Space Shuttle to Make Second Launch Attempt Tonight

Space Shuttle Discovery to Launch Tonight
A nearly full Moon sets as the space shuttle Discovery sits atop Launch pad 39A at the Kennedy Space Center in Cape Canaveral, Florida, in the early morning hours of Wednesday, March 11, 2009. (Image credit: NASA/Bill Ingalls)

CAPE CANAVERAL, Fla. - The space shuttle Discovery is primed for asecond launch attempt tonight after engineers repaired a gas leak that kept thespacecraft from lifting off last week.

Discovery and herseven-astronaut crew are poised to blast off at 7:43 p.m. EDT (2343 GMT)from Launch Pad 39A here at NASA's Kennedy Space Center.

The weather outlook for this evening is promising, with a roughly 80percent chance of favorable conditions for launch, shuttle weather officerKathy Winters said.

Since last Wednesday's foiledlaunch attempt, ground crews have completely replaced a suspect connectorbetween the shuttle's external fuel tank and a vent line that carries flammablehydrogen gas away from the launch pad. Technicians discovered a leak in theline after Discovery's tank began fueling last week, prompting mission managersto call off the launch.

Crews have since worked around the clock to replace the connector sealand investigate the problem. Though no smoking-gun explanation has yet beenfound, mission managers are hopeful that swapping out the offending part will stopoff the leak. If the leak persists today, NASA will call off the launchattempt, mission managers said.

Discovery is slated for a 13-daymission to space, featuring three spacewalks to deliver and install thelast section of the International Space Station (ISS)'s backbone-like maintruss. The final segment, called Starboard-6, comes with a complement of newsolar panel wings that should boost the station's power generation capabilityby 25 percent.

The shuttle is also set to carry up Japan Aerospace Exploration Agencyastronaut Koichi Wakata to replace NASA astronaut Sandra Magnus as a spacestation Expedition 18 flight engineer. Wakata will become Japan's firstlong-duration astronaut when he stays aboard the orbiting laboratory untillater this summer.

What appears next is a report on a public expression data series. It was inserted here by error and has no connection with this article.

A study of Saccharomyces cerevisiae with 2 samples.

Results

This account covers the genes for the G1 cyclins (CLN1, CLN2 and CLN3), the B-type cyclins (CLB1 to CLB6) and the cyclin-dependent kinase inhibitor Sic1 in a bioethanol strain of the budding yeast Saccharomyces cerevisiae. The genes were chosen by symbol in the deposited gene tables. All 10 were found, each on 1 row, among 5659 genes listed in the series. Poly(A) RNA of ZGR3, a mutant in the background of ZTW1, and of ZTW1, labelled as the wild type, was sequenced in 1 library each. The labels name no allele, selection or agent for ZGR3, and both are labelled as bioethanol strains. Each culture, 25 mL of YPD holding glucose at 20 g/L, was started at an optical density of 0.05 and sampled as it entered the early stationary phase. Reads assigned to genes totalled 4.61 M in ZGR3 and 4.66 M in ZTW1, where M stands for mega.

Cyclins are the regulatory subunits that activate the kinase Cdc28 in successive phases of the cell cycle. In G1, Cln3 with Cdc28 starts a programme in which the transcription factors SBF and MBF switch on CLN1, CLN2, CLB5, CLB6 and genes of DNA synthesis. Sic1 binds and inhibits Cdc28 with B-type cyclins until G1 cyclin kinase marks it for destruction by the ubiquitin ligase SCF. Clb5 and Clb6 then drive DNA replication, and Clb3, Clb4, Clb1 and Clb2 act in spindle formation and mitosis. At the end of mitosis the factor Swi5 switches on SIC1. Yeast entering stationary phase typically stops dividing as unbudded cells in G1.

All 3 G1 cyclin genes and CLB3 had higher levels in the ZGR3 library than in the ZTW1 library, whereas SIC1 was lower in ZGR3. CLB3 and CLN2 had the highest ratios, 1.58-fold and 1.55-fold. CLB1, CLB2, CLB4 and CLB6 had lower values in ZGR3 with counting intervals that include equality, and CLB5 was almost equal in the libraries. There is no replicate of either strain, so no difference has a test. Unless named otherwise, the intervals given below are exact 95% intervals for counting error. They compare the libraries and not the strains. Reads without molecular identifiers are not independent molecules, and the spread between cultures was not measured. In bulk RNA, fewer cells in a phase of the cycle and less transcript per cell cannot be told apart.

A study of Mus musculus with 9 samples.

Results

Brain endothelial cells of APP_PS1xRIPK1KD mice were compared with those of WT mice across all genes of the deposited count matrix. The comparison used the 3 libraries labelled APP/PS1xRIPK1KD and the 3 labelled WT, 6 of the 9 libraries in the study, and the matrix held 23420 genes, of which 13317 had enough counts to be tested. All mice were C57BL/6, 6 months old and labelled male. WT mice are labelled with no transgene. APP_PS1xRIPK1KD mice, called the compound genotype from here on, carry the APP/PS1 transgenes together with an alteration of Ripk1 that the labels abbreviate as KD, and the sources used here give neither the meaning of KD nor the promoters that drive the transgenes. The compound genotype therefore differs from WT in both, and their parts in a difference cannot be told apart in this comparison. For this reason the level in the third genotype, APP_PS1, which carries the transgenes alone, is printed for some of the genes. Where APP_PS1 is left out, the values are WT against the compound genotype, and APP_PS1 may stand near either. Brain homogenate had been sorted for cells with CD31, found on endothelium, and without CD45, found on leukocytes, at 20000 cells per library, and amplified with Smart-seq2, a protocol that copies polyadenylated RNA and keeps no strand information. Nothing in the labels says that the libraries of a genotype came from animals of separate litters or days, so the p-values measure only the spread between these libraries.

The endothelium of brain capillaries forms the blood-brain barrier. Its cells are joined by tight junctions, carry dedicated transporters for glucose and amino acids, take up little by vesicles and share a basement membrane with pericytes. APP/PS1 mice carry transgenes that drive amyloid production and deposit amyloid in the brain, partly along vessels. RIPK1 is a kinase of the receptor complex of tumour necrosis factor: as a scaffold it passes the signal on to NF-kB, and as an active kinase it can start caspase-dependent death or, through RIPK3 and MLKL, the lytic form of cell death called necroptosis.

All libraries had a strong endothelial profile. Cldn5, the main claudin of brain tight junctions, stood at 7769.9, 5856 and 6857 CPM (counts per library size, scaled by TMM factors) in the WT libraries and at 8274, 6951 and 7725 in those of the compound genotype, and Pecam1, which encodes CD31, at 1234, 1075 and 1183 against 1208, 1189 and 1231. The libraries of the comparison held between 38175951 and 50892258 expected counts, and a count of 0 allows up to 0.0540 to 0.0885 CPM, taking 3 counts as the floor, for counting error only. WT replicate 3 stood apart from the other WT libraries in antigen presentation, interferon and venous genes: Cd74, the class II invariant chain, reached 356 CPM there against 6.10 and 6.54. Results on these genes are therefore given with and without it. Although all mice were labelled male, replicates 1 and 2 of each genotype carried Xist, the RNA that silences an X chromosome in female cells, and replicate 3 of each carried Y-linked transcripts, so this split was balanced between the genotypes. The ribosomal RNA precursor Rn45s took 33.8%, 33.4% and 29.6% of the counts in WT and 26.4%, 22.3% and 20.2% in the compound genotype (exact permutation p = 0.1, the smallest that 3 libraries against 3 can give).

Veteran spaceflyer Lee Archambault will command Discovery?s STS-119mission, with pilot Tony Antonelli and mission specialists Joseph Acaba, SteveSwanson, Richard Arnold, and John Phillips completing its crew.

"These crewmates have been absolutely tremendous to workwith," Archambault said of his team in a preflight NASA interview. "Ilook at this crew and I say, 'Boy, you really stacked the deck in my favor andI?m very appreciative for each one of these guys.'"

If the shuttle launches today, the astronauts' original 14-day missionwill be cut short by one day and one spacewalk, to make room for an incomingRussian Soyuz mission to the space station launching March 26. If the shuttleis unable to launch today, NASA can try again Monday and Tuesday, thoughlaunching then will necessitate shortening the mission even further.

Today's launch attempt comes more than a month after Discovery's initialFeb. 12 launch target. NASA delayed the shuttle's launch for weeks due tosuspect fuel control valves in the orbiter's main engines. The shuttle?s threevalves were each replaced twice, with mission managers clearing Discovery forlaunch earlier this month.

NASA?s STS-119 mission will mark the 125th shuttle launch and the 27th missionfor the Discovery spacecraft. The spaceflight is the first of at least fiveNASA shuttle missions planned for 2009 to continue space station constructionand perform one last overhaulof the Hubble Space Telescope. is providing continuous coverage of STS-119 with reporterClara Moskowitz in Cape Canaveral and senior editor Tariq Malik in New York. Click here for missionupdates and's live NASA TV video feed. Live Coverage begins at2:30 p.m. EDT (1830 GMT) today.

Assistant Managing Editor

Clara Moskowitz is a science and space writer who joined the team in 2008 and served as Assistant Managing Editor from 2011 to 2013. Clara has a bachelor's degree in astronomy and physics from Wesleyan University, and a graduate certificate in science writing from the University of California, Santa Cruz. She covers everything from astronomy to human spaceflight and once aced a NASTAR suborbital spaceflight training program for space missions. Clara is currently Associate Editor of Scientific American. To see her latest project is, follow Clara on Twitter.